NZME and Stuff won't take their bid to merge to the Supreme Court.
NZME, which owns The New Zealand Herald, said today it won't be challenging the Court of Appeal's decision over the merger attempt with Stuff.
"This brings the merger process to a conclusion," NZME said today.
The Court of Appeal last month knocked back the proposed media merger between NZME and Stuff.
The two companies were challenging a judge's refusal to give the merger the green light after the Commerce Commission first rejected the deal.
In May last year, the commission declined to authorise the tie-up, arguing it would concentrate too much media influence in one business.
The subsequent High Court appeal by New Zealand Herald owner NZME and Stuff was unsuccessful when Justice Robert Dobson found that the regulator was entitled to place significant weight on the perceived loss of media plurality in the deal.
The companies then took the challenge to the Court of Appeal, focusing on the regulator rejecting the merger "against a backdrop of very large quantified net benefits", which the High Court found to be between $133 million and $209m.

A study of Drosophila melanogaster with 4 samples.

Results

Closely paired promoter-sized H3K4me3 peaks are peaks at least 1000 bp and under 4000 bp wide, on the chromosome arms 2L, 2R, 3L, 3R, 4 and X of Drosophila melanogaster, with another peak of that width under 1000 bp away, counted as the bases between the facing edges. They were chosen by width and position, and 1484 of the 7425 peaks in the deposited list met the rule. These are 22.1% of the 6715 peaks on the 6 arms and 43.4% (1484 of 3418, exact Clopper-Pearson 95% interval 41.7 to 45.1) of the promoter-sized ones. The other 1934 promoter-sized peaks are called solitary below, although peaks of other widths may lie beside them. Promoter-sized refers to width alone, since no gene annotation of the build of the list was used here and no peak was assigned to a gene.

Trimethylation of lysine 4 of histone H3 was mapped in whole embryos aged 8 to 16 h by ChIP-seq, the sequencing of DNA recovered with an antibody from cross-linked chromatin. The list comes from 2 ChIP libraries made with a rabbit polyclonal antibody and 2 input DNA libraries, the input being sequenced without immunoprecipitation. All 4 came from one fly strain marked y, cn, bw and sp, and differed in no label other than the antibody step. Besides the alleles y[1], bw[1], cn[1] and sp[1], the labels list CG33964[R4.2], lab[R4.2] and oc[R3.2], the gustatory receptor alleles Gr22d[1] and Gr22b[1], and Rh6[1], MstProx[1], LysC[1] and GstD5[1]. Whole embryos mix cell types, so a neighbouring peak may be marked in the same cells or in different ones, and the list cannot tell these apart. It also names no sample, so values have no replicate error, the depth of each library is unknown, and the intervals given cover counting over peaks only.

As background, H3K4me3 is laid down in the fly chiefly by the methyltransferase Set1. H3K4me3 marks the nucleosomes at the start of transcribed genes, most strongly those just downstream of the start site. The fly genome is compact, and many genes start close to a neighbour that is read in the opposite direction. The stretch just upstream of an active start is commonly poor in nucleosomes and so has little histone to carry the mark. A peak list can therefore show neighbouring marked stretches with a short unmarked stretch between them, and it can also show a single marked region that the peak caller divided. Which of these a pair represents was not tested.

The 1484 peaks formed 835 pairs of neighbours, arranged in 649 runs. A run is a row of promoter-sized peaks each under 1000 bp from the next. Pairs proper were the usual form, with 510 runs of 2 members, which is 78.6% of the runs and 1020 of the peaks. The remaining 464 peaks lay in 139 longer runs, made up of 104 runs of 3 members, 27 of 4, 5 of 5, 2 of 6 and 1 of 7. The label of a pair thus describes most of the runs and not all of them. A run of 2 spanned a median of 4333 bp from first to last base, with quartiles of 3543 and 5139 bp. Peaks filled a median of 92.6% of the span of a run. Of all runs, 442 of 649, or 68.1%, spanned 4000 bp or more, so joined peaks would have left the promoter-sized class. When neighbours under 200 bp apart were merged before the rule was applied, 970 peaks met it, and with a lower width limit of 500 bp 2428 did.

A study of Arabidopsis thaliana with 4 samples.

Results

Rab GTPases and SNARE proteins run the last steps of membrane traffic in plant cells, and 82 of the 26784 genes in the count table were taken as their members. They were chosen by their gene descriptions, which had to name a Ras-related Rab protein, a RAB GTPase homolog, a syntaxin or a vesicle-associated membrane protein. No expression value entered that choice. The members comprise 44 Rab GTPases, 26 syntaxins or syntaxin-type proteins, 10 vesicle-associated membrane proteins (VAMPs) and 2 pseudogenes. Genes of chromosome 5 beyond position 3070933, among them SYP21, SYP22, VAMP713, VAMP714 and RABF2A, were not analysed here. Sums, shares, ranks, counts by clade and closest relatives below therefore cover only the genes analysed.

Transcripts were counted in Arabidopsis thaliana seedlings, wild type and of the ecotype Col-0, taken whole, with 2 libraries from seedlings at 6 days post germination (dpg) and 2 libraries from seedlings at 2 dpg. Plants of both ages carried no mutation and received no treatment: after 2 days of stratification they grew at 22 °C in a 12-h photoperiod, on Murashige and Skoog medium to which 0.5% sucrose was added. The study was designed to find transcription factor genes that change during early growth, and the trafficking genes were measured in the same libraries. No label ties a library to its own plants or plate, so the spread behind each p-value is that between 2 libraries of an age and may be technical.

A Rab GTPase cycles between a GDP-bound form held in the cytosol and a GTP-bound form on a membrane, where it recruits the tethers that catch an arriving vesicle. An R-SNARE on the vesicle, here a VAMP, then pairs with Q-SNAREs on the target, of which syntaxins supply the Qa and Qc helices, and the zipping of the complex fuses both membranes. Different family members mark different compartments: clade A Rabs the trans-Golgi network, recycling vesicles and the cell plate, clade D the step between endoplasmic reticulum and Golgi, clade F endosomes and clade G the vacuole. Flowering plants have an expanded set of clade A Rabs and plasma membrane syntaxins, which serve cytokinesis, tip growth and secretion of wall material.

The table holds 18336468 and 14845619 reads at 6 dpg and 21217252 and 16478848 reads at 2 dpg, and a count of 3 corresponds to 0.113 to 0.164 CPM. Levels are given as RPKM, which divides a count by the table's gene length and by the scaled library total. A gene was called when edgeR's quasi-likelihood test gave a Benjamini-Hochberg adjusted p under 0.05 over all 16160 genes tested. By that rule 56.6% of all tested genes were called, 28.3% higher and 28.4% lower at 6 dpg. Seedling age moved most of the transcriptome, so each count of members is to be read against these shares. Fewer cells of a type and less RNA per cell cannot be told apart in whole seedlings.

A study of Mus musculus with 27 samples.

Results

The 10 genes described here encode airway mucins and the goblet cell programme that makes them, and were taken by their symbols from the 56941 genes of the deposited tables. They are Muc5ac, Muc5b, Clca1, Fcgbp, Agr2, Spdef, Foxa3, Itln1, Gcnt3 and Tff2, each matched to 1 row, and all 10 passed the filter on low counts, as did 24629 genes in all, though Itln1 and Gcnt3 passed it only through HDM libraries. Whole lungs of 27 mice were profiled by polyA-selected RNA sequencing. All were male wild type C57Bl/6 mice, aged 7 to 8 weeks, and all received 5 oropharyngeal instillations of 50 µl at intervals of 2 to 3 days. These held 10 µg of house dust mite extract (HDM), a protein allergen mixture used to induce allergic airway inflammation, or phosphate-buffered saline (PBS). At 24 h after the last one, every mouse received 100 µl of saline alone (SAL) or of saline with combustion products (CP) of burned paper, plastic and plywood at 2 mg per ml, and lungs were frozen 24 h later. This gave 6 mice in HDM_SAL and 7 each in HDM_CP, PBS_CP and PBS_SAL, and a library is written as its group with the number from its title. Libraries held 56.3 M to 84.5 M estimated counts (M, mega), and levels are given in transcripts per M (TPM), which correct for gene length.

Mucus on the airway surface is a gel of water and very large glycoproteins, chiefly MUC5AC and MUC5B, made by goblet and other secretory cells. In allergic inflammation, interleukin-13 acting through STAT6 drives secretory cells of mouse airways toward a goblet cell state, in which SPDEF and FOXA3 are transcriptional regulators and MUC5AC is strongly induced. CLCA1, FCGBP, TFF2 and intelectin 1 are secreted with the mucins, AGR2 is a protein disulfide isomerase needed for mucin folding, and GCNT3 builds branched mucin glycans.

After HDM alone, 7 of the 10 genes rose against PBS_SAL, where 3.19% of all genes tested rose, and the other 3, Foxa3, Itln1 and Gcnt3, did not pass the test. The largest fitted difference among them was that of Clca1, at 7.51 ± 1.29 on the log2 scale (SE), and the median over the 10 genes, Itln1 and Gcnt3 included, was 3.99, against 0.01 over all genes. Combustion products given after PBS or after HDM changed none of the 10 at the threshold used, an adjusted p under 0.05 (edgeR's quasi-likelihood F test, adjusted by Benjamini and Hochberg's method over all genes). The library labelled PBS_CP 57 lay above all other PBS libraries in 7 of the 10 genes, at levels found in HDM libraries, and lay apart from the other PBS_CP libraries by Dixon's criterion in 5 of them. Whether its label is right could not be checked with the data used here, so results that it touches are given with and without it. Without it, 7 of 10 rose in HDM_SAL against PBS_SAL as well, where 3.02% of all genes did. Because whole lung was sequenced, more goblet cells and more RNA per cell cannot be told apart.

The Court of Appeal, however, was not swayed and dismissed the challenge last month.
NZME said today that it was continuing to focus on "strategic and operational priorities" including growing audience and engagement, returning advertising revenue to growth and on new revenue streams like the OneRoof platform and paid digital subscriptions on nzherald.co.nz.
NZX-listed NZME and Stuff, the New Zealand arm of ASX-listed Fairfax Media, applied to amalgamate in 2015, arguing the merged business would be more able to survive the global competition for local advertising dollars from online search and social media giants such as Google and Facebook.
Since the merger was first suggested, the goalposts have moved significantly.
NZME, which also owns The Northern Advocate, Rotorua Daily Post, Bay of Plenty Times, Hawke's Bay Today, The Whanganui Chronicle and commercial radio titan Newstalk ZB, is marching on with plans to charge Kiwis for online news.
In July, Australia's Nine revealed plans to merge with Fairfax across the Ditch.
The new Aussie media giant would be called Nine, with the 177-year-old Fairfax brand set to disappear from the Australian news landscape
The details of the deal made no secret of which party was the bigger brother in the A$4 billion ($4.35b) agreement. Nine will come away with a 51.1 per cent share to Fairfax's 48.9 per cent, and the chief executive and chairman will both come from the entertainment company.